Numerous primates and tropical birds have died after power loss at San Antonio-area animal sanctuary


Primarily Primates takes in animals from the research and entertainment industries, aiming to rescue and rehabilitate them from previous abuse and exploitation. When the power failed around 6 a.m. Monday, handlers at the 70-acre sanctuary were forced to try everything they could to keep the animals protected, the daily reports.



Brooke Chavez, executive director of Primarily Primates, told the Express-News that she and her staff tried to keep the animals on-site warm using everything at their disposal. Generators, space heaters, propane tanks and loads of blankets weren’t enough, however, and a chimpanzee, numerous monkeys, lemurs and countless tropical birds died in the freezing temps.

“I’ve never faced a decision like this,” Chavez told the Express-News. “Having to decide who we can save, depending on the predictability of which animals we can catch.”



Many of the sanctuary’s 400 animals have been evacuated to the San Antonio Zoo, another sanctuary near the Oklahoma border and homes of volunteers, but many animals remain at the facility, where temperatures hover around 28 degrees.

The nonprofit — located about 35 minutes north of SA in Leon Springs — is in need of propane tanks, generators, space heaters and blankets to care for the remaining animals.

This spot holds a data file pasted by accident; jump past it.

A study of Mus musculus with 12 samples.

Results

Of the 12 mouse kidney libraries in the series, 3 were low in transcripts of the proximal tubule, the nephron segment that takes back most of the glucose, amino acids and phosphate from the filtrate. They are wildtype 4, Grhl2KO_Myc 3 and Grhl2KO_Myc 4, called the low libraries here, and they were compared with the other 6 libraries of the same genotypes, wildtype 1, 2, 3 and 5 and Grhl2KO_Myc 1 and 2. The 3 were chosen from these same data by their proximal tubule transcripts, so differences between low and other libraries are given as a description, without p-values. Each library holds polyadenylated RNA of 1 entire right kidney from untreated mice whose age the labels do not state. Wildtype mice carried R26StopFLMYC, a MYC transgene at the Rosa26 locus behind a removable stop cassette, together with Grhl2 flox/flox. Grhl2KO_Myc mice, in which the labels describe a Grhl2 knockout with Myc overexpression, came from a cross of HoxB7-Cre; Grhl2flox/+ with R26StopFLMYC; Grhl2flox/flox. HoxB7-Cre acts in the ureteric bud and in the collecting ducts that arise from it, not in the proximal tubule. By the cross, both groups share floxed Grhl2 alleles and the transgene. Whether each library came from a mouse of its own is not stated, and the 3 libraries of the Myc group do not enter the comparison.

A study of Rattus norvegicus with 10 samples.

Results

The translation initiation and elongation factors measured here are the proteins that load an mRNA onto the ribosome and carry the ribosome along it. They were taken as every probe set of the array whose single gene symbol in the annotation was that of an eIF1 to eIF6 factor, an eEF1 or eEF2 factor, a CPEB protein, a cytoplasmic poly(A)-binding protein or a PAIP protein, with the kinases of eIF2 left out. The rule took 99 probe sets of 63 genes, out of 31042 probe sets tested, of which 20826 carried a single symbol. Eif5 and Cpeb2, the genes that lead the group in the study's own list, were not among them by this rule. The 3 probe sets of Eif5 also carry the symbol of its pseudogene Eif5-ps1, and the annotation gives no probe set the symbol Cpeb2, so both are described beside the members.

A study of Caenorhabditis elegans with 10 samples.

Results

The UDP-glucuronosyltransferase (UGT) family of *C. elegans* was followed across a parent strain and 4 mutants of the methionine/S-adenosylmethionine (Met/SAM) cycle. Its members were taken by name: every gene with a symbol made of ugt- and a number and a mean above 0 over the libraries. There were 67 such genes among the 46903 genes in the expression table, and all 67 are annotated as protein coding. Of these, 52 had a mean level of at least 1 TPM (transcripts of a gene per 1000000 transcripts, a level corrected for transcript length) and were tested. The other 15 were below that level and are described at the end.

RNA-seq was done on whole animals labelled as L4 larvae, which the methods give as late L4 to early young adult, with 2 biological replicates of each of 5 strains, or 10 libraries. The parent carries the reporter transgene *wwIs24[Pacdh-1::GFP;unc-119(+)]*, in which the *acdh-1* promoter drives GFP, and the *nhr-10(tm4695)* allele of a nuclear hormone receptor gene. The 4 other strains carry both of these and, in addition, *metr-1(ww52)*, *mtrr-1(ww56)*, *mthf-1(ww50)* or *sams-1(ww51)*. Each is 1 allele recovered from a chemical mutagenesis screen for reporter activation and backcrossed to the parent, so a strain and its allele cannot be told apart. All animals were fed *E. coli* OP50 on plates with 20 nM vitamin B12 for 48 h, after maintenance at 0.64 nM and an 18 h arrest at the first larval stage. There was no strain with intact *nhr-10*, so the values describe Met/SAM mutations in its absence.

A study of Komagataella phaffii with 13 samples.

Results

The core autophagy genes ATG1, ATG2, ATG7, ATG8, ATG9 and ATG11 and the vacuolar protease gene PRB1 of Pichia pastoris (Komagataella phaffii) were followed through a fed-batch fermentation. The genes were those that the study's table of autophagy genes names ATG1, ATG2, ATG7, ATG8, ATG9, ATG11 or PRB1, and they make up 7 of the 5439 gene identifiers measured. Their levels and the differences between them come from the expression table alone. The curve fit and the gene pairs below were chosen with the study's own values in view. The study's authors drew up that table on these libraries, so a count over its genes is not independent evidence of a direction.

The sanctuary has received several donations since posting a call for help on social media, but will need more assistance to care for the animals who remain on-site. Chavez said most homes nearby have electricity, but the sanctuary is one of the few places in the area without.

Chavez told the daily that people on social media have criticized the sanctuary for not being better prepared for the freezing temperatures.

While she says her staff did take steps in anticipation of the storm — including storing water for the animals in large trash bins — she makes an excellent point regarding the ongoing power crisis that’s affected millions across Texas.

“How could we have been prepared for this?” Chavez asked. “We could have had every portable heater available, but if we’re stranded without electricity, what is the point?”